Do you use mouthwash? A new study suggests that using mouthwash may lessen the blood pressure-lowering effects of exercise.
An international team of scientists has shown that the blood pressure-lowering effect of exercise is significantly reduced when people rinse their mouths with antibacterial mouthwash, rather than water — showing the importance of oral bacteria in cardiovascular health.
The researchers now suggest that health professionals should pay attention to the oral environment when recommending interventions involving physical activity for high blood pressure.
The study was led by the University of Plymouth in collaboration with the Centre of Genomic Regulation in Barcelona (Gabaldon’s lab), Spain, and was published in the journal Free Radical Biology and Medicine.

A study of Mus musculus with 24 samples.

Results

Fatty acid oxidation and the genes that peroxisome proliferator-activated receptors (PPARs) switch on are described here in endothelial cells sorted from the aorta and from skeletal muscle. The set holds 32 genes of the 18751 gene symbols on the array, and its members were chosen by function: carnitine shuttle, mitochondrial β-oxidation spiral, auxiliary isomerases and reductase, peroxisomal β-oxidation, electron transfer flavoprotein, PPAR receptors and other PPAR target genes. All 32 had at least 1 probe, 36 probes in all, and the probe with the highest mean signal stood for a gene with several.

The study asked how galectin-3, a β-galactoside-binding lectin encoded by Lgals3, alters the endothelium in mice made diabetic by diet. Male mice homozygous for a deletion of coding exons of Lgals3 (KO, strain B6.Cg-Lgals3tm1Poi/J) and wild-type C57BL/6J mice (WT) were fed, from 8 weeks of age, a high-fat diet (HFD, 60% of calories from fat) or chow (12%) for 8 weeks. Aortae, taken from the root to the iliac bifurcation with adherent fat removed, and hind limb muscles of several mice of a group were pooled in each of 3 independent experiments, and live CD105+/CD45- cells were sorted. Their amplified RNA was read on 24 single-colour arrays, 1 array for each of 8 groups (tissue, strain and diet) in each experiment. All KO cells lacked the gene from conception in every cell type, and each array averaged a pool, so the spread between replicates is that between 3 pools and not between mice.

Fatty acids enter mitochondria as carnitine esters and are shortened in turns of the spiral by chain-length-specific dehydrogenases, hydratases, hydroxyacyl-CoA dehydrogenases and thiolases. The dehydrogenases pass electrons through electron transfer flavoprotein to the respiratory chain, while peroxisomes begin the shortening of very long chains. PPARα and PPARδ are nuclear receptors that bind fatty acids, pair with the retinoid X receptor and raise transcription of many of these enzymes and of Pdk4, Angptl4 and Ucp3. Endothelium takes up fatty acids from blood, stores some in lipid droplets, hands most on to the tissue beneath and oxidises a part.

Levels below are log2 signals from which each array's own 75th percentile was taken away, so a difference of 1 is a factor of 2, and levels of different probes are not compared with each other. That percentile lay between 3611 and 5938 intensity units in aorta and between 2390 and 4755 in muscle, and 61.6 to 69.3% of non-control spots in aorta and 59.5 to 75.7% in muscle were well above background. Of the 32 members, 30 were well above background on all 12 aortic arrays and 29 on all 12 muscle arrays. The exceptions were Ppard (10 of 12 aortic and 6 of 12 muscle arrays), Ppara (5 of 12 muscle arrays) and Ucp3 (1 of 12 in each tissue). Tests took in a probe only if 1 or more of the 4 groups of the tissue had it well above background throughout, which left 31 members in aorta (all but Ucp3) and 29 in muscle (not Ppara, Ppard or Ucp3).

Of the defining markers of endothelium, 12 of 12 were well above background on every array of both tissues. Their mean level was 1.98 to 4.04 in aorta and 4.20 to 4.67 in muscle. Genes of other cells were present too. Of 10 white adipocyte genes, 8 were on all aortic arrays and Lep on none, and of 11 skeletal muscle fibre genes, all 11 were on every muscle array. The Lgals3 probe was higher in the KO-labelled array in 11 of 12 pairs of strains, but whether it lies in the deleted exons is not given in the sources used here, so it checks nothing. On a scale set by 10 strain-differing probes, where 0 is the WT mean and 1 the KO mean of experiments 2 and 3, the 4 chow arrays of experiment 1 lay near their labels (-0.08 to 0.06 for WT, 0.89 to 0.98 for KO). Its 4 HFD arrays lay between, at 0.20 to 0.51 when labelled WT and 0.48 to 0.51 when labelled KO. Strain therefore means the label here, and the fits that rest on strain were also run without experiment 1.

Craig Cutler, study co-author who conducted the research as part of his PhD at the University of Plymouth, said, “These findings show that nitrite synthesis by oral bacteria is hugely important in kick-starting how our bodies react to exercise over the first period of recovery, promoting lower blood pressure and greater muscle oxygenation.”
“In effect, it’s like oral bacteria are the ‘key’ to opening up the blood vessels. If they are removed, nitrite can’t be produced and the vessels remain in their current state. Existing studies show that, exercise aside, antibacterial mouthwash can actually raise blood pressure under resting conditions, so this study followed up and showed the mouthwash impact on the effects of exercise.”
Cutler continued, “The next step is to investigate in more detail the effect of exercise on the activity of oral bacteria and the composition of oral bacteria in individuals under high cardiovascular risk. Long-term, research in this area may improve our knowledge for treating hypertension — or high blood pressure — more efficiently.”